This one could also be titled: ‘Listen to people’.
As a people professional, data is your way of listening to what employees are really telling you about their experience at your company. And it is one of your smartest tools in being able to retain the people you want. But 70% of our People Experience community have said they don’t feel their people data is being used to its full potential.
Why are people leaving?
This is maybe the most obvious use of data in retention. Work out the where’s, when’s and why’s of people leaving - and you can identify some focus areas for improvement.
Are there certain departments that seem to consistently lose people at a higher rate?
They might naturally turn over for reasons outside of your control, but it also may be a structural or management issue to address.
When are people leaving?
If you’ve got lots of people hitting a certain cap and then leaving, maybe you need to consider the mobility and development opportunities that are open to those people?
Is it mostly managers leaving?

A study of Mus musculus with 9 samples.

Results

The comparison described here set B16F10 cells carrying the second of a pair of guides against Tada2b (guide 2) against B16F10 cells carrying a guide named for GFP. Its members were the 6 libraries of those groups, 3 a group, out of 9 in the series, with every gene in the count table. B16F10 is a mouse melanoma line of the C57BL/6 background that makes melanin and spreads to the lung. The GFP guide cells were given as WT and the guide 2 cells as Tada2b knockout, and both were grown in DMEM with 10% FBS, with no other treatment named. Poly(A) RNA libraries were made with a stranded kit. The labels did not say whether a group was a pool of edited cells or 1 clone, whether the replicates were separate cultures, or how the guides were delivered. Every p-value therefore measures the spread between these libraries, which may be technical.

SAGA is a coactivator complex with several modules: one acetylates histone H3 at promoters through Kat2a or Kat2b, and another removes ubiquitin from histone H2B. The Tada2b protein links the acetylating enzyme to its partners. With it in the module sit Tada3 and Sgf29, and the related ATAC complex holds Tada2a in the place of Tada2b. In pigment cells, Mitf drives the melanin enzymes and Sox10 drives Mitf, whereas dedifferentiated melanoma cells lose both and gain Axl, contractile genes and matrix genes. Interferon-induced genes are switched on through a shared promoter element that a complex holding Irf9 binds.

They may be unequipped to deal with the extra requirements of employee wellbeing and success, and you may need to consider how they are supported.
The real importance of identifying these potential problem areas is not to make quick judgements from the data alone, but to pinpoint the issues you need to focus on during exit interviews and employee pulse checks, so these can be as effective as possible in forming your people strategy.
Why are your employees staying?
This is just as important as working out why they are leaving. Before you engage in pulse checks, you need to define the purpose of your efforts, and ensure that after you’re ready to actually action some things. Nobody wants to give their thoughts for there to be no changes made afterwards!
Pulse checks should stay short (so people actually do them), anonymous (again, so they’re done), and allow people to be really honest about the issues they are experiencing, as well as what is going well. For specific issues (financial wellbeing, burnout, etc), you may want to be sending out individual pulse checks alongside the more regular ones.
What your data should be doing
Data gathering should take place in recruitment, and during the time employees are with you, to determine engagement, learning needs and whether people think they are rewarded in the right way for their efforts. Don’t silo the data - it should be seen as a holistic process that encompasses the entire employee lifecycle. It’s your chance to get inside the heads of the people who work with you and make decisions that will benefit (and increase) their time at the company.